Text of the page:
Gilead Sciences (GILD) - Get Gilead Sciences, Inc. Report shares rose 56 cents in early trading Monday to $67.06 while Pfizer (PFE) - Get Pfizer Inc. Report was up 9 cents to $33.97 and Abbvie (ABBV) - Get AbbVie, Inc. Report up 38 cents to $64.51.

In a statement Friday, Lilly said the FDA has requested additional clinical data to determine appropriate doses of baricitinib. The FDA also asked for more safety data.

Baricitinib was expected to secure U.S. approval and deliver $2 billion or more in peak sales as the most effective, once-daily oral JAK inhibitor for rheumatoid arthritis, supplanting Pfizer's Xeljanz. Lilly was counting on the greater efficacy of a higher baricitinib dose to separate from Xeljanz. If Lilly can only move forward with a lower, 2 mg dose of baricitinib, it risks losing an efficacy advantage over its oral JAK inhibitor competitor.

The FDA action was a win for Pfizer because Xeljanz escapes competition for one year maybe even longer.

Gilead wins because its oral JAK inhibitor filgotinib -- currently in a phase III study for rheumatoid arthritis, among other indications -- has a good chance to catch up.

As marketers of TNF inhibitor injections for rheumatoid arthritis, Abbvie, Amgen (AMGN) - Get Amgen Inc. Report and Johnson & Johnson  (JNJ) - Get Johnson & Johnson Report all win from the delay of another oral competitor.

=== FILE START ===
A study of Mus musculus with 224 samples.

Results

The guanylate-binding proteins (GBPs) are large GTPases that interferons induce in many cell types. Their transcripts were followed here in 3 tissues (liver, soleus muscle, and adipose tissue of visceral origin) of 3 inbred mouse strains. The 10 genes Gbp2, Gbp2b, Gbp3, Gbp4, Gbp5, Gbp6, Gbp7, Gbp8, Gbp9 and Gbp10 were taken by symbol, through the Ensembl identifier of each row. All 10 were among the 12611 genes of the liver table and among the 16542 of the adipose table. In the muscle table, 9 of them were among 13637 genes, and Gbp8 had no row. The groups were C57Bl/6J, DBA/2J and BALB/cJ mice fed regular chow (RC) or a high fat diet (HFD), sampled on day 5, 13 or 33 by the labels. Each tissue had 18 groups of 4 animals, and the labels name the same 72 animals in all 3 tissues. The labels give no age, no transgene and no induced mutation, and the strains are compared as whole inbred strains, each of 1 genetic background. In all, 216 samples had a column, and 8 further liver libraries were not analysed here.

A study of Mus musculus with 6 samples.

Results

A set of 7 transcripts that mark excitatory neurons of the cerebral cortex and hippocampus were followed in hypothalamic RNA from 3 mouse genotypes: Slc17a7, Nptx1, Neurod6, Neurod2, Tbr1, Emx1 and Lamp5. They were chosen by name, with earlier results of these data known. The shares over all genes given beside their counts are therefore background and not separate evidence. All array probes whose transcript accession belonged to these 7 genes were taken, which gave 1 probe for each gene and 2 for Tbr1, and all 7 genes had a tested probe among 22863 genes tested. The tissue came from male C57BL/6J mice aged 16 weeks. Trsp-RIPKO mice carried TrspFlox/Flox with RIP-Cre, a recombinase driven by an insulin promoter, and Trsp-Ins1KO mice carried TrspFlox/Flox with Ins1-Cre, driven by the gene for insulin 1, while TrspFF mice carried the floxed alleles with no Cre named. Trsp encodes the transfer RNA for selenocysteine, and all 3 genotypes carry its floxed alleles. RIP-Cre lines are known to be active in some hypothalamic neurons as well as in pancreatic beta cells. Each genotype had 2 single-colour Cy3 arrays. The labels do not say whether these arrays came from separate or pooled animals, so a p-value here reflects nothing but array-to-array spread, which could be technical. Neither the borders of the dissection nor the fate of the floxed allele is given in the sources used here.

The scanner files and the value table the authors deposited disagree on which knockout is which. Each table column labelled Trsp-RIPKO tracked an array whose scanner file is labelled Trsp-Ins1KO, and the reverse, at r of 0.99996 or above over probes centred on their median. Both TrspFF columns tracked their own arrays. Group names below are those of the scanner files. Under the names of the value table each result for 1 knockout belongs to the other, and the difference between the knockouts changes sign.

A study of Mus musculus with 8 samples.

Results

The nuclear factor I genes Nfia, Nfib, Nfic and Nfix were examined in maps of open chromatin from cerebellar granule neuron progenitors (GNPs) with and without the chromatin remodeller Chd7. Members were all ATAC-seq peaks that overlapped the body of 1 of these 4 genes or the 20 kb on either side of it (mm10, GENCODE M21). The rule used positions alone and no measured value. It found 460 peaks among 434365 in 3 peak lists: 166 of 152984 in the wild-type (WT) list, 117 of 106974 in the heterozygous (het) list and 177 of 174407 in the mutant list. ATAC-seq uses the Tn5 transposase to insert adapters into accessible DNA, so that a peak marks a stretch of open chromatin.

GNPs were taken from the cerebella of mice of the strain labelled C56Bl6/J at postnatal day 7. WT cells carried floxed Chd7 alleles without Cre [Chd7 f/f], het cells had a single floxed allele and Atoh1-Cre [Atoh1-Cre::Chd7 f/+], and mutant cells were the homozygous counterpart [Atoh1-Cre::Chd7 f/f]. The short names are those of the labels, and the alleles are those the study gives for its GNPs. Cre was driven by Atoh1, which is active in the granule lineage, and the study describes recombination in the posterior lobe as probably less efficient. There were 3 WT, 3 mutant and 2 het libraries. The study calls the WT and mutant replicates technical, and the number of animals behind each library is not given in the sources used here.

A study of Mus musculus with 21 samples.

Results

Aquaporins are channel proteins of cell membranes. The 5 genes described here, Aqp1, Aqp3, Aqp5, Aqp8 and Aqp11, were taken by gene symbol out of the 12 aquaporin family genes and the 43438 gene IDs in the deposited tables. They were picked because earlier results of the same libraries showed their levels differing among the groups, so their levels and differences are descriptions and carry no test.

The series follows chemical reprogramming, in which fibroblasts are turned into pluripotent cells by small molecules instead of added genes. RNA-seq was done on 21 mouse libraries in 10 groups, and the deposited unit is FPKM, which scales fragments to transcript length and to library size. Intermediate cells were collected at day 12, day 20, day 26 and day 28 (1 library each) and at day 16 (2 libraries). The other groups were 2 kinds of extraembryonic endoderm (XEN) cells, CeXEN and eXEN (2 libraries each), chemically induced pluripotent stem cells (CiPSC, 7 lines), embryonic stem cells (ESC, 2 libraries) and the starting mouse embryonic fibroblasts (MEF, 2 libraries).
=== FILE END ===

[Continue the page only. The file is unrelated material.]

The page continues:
Regeneron Pharma

(REGN) - Get Regeneron Pharmaceuticals, Inc. Report

and

Sanofi

(SNY) - Get Sanofi Report

win because they'll now have more time to establish a marketing presence for their IL-6 inhibitor sarilumab, assuming the injected drug can overcome a manufacturing delay and win FDA approval later this year.

Adam Feuerstein writes regularly for TheStreet. In keeping with company editorial policy, he doesn't own or short individual stocks, although he owns stock in TheStreet. He also doesn't invest in hedge funds or other private investment partnerships. Feuerstein appreciates your feedback; click here to send him an email.